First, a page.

Love Your Landscape

Love Your Landscape


The hottest landscape design trends this spring reflect the desire to bring the indoors out – to create comfortable landscapes that are both functional and beautiful – and find ways to connect with nature. Outdoor rooms and fully customized living spaces, and a renewed interest in sustainable landscapes that support the environment and natural ecosystems, are just a few of the top trends.

1. Fully customized outdoor living spaces

Backyard entertaining used to revolve around a deck, patio or pool, but today’s landscapes have become extensions of interior spaces, complete with furniture, appliances and romantic canopy bedrooms. Comfortable living and dining rooms with weatherproof furnishings, built-in bars, brick ovens and fireplaces, even outdoor movie theaters, are transforming the way people enjoy the outdoors.

“One of the key things that we’re seeing is people really wanting to enjoy their outdoor living environment,” says Missy Henriksen, vice president of public affairs for National Association of Landscape Professionals (NALP). “But they want things that will make their outdoor area unique, that personalization that’s different than their neighbors.”

2. Lighted and high-tech landscapes

Installing solar-powered lighting or energy-efficient LED lights is another way landscapes are going green. LED lighting has made it much more feasible to add creative and functional light displays in gardens and along walkways. Backyard WiFi, TV and audio systems, which can be monitored and controlled via technology, are other ways outdoor landscapes are going high-tech.

“You can control landscape lighting via your iPad and create different moods,” says David Marciniak, owner/lead designer of Revolutionary Gardens in Culpeper, Virginia. “LED has given a lot more flexibility to lighting because you’re only pulling 2 or 3 watts per fixture.”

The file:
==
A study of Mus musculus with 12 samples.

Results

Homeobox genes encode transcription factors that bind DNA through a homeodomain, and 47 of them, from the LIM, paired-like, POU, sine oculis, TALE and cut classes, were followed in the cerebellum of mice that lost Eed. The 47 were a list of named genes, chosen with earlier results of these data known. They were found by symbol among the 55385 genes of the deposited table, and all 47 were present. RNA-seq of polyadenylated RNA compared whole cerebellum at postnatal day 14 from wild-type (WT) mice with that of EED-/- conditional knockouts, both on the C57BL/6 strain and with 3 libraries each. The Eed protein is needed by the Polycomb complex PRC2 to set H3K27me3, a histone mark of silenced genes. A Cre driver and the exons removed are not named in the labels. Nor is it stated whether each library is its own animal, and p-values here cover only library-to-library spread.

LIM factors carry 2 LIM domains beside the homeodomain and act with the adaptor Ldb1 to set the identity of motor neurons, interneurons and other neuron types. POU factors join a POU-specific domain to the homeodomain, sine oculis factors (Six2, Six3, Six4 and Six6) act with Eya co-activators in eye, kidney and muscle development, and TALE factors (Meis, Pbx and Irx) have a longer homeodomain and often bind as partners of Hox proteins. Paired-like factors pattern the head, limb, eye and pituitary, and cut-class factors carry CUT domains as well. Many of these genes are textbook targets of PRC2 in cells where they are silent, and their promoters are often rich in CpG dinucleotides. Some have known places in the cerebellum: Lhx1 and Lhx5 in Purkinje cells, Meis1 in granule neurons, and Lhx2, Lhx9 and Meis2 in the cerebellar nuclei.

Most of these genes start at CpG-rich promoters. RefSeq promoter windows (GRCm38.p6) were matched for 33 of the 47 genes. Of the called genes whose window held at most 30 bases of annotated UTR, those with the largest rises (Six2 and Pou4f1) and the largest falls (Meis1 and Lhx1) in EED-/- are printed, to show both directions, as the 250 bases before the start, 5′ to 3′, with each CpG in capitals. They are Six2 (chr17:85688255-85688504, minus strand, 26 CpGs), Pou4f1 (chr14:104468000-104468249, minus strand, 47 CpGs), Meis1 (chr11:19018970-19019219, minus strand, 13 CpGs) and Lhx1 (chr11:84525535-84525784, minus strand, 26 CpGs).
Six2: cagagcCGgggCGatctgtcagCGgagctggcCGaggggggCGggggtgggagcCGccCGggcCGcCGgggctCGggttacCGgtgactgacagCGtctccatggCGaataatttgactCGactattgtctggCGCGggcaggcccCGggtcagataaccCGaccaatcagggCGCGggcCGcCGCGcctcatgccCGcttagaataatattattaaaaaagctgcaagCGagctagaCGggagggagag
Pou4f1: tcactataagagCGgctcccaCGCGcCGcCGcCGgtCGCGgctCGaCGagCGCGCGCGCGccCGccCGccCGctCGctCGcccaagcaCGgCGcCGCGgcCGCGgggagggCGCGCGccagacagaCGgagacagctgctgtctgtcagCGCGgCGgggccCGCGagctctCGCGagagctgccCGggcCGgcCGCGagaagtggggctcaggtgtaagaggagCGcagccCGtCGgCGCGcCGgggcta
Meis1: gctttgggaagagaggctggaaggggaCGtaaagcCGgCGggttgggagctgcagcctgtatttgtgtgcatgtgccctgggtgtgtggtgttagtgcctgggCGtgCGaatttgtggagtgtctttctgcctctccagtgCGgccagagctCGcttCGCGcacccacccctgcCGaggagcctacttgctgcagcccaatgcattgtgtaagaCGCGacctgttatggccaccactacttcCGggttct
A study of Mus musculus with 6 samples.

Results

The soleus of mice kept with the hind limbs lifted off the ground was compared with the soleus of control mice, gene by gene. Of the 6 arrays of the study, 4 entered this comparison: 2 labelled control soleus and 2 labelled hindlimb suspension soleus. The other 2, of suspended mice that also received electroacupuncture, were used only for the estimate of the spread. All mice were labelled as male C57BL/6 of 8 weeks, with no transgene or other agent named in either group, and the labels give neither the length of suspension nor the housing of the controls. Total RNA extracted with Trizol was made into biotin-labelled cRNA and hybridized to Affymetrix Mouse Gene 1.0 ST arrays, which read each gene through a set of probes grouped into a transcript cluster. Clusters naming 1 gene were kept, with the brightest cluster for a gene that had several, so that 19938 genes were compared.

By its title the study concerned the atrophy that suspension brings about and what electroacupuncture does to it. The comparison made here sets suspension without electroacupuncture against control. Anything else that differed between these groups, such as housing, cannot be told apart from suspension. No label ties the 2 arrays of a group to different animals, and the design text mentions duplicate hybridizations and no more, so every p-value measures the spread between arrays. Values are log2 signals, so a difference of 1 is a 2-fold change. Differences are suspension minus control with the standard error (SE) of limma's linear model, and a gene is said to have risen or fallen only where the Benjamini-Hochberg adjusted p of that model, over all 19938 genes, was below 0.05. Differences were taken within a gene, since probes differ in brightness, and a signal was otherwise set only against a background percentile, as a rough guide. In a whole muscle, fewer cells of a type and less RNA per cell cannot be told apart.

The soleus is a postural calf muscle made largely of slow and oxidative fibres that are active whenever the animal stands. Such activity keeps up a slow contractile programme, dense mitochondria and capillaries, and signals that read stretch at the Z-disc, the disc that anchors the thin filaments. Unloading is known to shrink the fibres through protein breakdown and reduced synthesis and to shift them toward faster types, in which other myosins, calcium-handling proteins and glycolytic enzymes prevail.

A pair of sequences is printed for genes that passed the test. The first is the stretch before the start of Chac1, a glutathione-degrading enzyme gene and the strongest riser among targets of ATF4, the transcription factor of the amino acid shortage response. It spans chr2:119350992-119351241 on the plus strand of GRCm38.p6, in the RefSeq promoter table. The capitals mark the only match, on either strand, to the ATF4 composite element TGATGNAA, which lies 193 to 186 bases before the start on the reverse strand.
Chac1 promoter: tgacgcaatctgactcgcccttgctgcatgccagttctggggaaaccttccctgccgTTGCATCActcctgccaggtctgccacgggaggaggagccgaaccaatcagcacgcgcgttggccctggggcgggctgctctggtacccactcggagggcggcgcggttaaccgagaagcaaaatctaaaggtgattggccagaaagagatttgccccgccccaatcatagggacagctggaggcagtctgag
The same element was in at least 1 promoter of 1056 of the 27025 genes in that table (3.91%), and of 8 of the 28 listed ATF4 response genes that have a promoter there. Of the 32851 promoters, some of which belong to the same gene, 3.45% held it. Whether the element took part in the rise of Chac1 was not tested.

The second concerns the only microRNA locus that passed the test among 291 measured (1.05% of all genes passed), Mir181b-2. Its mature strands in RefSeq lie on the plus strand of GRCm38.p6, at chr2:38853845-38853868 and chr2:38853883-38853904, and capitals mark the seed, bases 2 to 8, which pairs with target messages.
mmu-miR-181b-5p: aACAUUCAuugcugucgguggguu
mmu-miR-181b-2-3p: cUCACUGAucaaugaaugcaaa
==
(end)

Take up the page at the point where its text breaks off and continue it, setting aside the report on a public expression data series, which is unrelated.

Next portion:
3. Eco-friendly and native gardens

Native plants help attract birds, insects and wildlife, but they also help manage rainwater runoff, stop the spread of invasive species and support the larger ecosystem. Naturescaping encourages the use of perennial native plants and grasses to design environmentally conscious landscapes.

“I’ve been floored in the amount of interest I’ve had in that in the last two years,” Marciniak says. “I am seeing so much interest in native plantings and everything that goes along with that, trying to be true to the site and the area along with trying to be true to pollinators and the birds.”

One thing that has helped is an increase in the number of suppliers for native plants in his area, Marciniak says, and some parts of the country offer rebates and other incentives to plant native species to help with stormwater management.

4. Edible landscapes

Pots of fresh herbs, lettuce and other easy-to-grow fruits and vegetables add texture and color variety to outdoor landscapes.

Container gardens and portable living wall planter systems, which take up less space and require less care, make it easier for those with space and time constraints and provide a supply of fresh ingredients right out the back door.

“It’s a way for people to enjoy their outdoor space and that connection to nature and herbs taste a little fresher and better when you’ve had the satisfaction of actually growing them,” Henriksen says. “It doesn’t matter the size of your outdoor space. You can create beautiful and functional container gardens on a patio or balcony.”